Running your own exchange

States had three major options for their health insurance exchanges. They can use Healthcare.gov and outsource all operations to the federal government. They can have a partnership exchange where the front end is Healthcare.gov while the states do some of the back end work. Or they can run their own exchanges. Depending on circumstances and values, any and all of these choices can make a lot of sense.

New Jersey is currently on Healthcare.gov. New Jersey approves plans according to state based regulations but they follow federal rules on open enrollment periods, advertising and outreach, auto-enrollment and all the other details of running an exchange.

The governor wants to change that. According to Politico, Governor Murphy (D-NJ) wants to get a state based exchange up and running fast.

New Jersey Gov. Phil Murphy on Friday proposed creating a state-based health exchange, saying the state could offer better services while guarding the Affordable Care Act against the Trump administration‘s efforts to undermine it.

The Democratic governor sent a declaration of intent letter to the federal Centers for Medicare and Medicaid Services, formally proposing the exchange. Murphy said he believes the state can overcome the regulatory hurdles and get the exchange up and running in time to register for the fall 2020 enrollment period….

New Jersey wants to buy flexibility. They want to be able to set a longer open enrollment period. They want to control their advertising and navigator budget. They want to be able to do something other than just a 1332 reinsurance waiver. New Mexico and Nevada are also in the process of transitioning out of Healthcare.gov and to their own exchanges.

State based exchanges are, in my opinion, a near necessary but not sufficient condition for a successful 1332 waiver that is more than just reinsurance. CMS has indicated that they are able to do some customization of Healthcare.gov for new waivers but I would not want to bet a major state wide program with significant political downside to CMS. It is not a matter of worrying about sabotage or shoddy work; it is a matter that CMS is trying to please thirty eight masters on Healthcare.gov and there can truly only be one top priority for a system enhancement. Assuming the development process goes perfectly, that can be fine if there are multiple high priority demands, but assuming the development process goes perfectly is a gut demolishing assumption.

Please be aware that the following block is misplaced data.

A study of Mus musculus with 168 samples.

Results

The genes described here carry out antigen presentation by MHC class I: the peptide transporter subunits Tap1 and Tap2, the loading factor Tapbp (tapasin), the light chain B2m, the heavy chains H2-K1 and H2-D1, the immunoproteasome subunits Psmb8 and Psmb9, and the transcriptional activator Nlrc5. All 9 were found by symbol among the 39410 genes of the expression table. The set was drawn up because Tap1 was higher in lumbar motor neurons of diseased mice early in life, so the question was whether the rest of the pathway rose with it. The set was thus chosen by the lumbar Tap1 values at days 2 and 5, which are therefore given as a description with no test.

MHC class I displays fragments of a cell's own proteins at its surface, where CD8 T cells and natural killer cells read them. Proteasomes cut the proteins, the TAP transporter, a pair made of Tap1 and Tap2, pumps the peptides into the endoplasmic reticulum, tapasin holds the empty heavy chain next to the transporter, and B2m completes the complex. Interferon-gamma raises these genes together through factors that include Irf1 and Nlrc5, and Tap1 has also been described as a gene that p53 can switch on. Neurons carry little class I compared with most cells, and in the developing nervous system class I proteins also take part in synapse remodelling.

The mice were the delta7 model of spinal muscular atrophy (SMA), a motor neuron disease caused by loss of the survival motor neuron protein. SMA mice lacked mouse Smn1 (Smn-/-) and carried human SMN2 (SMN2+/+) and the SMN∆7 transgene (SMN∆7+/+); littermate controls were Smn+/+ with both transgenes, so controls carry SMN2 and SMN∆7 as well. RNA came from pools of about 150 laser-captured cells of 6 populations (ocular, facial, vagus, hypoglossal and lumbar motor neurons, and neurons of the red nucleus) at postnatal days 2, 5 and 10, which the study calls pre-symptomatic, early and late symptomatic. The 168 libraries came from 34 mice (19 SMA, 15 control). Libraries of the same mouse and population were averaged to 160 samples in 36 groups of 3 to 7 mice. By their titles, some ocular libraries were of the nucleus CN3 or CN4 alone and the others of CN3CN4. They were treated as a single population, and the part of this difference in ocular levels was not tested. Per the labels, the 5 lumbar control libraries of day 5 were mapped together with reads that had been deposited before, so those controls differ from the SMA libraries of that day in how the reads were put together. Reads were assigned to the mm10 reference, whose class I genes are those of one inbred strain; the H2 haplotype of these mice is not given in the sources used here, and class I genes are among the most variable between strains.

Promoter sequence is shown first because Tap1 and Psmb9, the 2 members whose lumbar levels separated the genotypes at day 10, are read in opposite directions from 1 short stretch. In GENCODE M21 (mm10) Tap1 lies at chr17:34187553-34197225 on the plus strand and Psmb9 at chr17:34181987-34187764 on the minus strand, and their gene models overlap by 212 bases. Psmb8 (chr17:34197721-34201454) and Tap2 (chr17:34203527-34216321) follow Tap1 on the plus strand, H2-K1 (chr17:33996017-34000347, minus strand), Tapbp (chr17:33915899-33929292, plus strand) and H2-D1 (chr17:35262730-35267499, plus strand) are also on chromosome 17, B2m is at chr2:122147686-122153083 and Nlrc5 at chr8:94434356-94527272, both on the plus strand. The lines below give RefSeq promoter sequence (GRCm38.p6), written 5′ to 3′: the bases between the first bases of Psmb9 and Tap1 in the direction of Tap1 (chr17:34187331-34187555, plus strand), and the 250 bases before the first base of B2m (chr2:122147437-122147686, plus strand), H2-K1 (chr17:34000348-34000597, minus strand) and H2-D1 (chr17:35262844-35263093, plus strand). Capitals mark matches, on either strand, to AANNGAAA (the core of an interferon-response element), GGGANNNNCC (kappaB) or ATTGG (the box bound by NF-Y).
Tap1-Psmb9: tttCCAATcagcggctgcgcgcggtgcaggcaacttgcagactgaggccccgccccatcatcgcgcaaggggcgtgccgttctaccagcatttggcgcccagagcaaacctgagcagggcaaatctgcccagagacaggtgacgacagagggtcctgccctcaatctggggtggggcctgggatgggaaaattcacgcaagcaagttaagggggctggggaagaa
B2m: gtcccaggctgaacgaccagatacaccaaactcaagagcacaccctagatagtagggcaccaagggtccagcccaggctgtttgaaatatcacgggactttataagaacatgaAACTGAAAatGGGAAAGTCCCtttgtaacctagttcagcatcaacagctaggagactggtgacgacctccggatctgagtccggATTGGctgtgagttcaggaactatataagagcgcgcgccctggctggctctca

The only way that New Jersey can possibly stand up an exchange that can accept finalized plans in October 2020 and open up to the public on November 1st is if they buy an Exchange out of the box. Several states have solid technology. This would lower technological risk and offer a lower cost solution than building from scratch.

State based exchanges look like they will become more popular as they allow states more flexibility to customize their local solutions.






2 replies
  1. 1
    WhatsMyNym says:

    The current system WA is using is pretty good. Had to work some bugs out, but stable and offers useful features; like comparisons between plans and filters for selection of plans that can be changed easily while searching.

  2. 2
    Duane says:

    Does it cost more for state’s to run an exchange? Not that it wouldn’t be worth it to avoid the mendacity of republicans.